Test of Impulsivity in Adolescence
Adolescence is a very important developmental stage between
childhood and adulthood. It brings numerous changes, as well
as new impulses and experiences (Pfeifer & Allen, 2019). The
influence of parental figures is gradually replaced with the in–
fluence of peers. Their influence can be positive – for instance,
mutual motivation towards the achievement of good study re–
sults. In adolescence, however, teens are prone to various neg–
ative impulses such as risky behaviour, frequently encouraged
by negative peer pressure (McCoy et al., 2019). This period is
also related to greater susceptibility to problematic behaviour,
which is frequently also associated with a greater rate of im–
pulsivity (D’Acremont & Linden, 2005; Leshem & King, 2020).
There are a number of scholars looking into the phenomenon
of impulsivity and its antecedents and consequences from
various perspectives (Cross et al., 2011; Marvin et al., 2020).
Eysenck and Eysenck (1985) define impulsivity as a constitu–
ent of tendencies supporting the seeking of spontaneous and
thoughtless exciting experiences. It also seems that in some
cases it may be a constituent of psychoticism. According to
Cloninger et al. (1993), impulsivity is a super-factor in search–
ing for the novel (new excitement, experiences, acts) which
is not restricted by rules or limitations. Webster and Jackson
(1997) argue that impulsivity is normally distributed in the
population and individuals manifest a certain degree of it.
Individuals with a high rate of impulsivity tend to prefer small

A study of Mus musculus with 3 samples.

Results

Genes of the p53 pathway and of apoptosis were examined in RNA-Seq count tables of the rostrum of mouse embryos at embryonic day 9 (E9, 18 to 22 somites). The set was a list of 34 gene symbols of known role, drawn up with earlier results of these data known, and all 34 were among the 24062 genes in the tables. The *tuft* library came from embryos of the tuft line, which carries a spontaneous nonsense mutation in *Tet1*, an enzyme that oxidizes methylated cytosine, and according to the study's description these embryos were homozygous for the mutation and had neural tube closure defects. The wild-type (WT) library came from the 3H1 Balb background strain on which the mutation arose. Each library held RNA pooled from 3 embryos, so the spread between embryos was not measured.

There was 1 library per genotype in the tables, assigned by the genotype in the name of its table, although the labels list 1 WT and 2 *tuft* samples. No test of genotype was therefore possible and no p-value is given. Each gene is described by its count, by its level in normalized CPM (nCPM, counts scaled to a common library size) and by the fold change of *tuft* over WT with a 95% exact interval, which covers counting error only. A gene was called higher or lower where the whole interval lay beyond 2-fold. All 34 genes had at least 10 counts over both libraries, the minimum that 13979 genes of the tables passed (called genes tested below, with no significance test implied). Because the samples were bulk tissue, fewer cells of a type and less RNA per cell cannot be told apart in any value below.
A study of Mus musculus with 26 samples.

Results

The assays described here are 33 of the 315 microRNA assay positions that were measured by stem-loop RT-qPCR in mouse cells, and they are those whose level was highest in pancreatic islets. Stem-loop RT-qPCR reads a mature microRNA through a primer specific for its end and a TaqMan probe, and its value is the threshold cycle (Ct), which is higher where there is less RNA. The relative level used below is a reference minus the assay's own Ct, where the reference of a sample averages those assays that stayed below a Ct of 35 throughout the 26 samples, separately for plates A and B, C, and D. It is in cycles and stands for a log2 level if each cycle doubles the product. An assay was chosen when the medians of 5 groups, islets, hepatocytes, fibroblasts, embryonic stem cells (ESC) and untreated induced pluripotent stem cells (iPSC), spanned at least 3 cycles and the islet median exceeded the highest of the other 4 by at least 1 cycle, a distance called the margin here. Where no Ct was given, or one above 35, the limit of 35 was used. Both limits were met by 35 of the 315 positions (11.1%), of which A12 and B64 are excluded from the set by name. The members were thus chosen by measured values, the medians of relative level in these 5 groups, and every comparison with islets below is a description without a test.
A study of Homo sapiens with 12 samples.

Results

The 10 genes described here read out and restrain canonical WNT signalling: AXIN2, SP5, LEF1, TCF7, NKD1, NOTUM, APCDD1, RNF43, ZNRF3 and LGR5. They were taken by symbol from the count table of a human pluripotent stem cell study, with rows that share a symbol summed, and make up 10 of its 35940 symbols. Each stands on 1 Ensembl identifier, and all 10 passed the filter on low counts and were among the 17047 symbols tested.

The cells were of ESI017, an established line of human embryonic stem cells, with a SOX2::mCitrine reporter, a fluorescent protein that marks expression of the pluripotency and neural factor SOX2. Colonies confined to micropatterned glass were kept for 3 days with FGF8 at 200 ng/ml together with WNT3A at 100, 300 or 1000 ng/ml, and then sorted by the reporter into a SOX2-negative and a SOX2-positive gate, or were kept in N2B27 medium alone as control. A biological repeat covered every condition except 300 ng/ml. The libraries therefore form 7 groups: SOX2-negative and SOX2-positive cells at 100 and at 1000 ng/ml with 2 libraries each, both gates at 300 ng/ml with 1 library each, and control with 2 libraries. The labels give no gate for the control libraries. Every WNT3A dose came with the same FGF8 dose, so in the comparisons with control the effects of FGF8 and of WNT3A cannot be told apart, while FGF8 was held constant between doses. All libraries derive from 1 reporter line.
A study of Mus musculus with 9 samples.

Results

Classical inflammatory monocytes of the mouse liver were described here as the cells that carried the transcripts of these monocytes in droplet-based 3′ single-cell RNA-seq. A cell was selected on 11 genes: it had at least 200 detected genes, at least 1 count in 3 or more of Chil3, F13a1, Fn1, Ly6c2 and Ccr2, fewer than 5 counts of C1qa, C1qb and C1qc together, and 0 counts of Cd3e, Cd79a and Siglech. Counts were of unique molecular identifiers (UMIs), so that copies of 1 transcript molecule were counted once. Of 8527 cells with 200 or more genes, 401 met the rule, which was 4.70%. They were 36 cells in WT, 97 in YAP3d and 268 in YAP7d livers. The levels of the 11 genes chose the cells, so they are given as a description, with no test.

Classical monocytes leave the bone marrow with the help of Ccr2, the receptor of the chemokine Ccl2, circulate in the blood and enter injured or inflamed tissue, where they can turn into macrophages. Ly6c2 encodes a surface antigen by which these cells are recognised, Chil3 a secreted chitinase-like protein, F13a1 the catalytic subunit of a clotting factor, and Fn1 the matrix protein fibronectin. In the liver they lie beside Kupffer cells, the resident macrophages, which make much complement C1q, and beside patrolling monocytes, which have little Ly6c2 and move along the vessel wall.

immediate benefits to larger but delayed ones, and they are not
able to save their reward for later (Kalina et al., 2015).
A common feature in individual definitions of impulsivity is the
idea that impulsivity is a personality trait included in various
personality theories that may be summed up as a propensity
to act without thinking (Dolejš & Skopal, 2016). Impulsive indi–
viduals tend to conduct various activities that are not planned
or premeditated and at the same time are risky either for the
individual himself/herself or for others.
Impulsivity is also a contributory factor to certain mental dis–
eases. In DSM-5 and ICD-11 (APA, 2013), impulsivity is listed as
a separate category of control disorders that includes disorders
such as kleptomania, pyromania, addiction to playing games,
and gambling. Apart from this taxonomy, a link has been found
between impulsivity and a propensity for risky behaviour or a
tendency to indulge in risky activities such as the abuse of ad–
dictive substances and vandalism (Dolejš & Orel, 2017).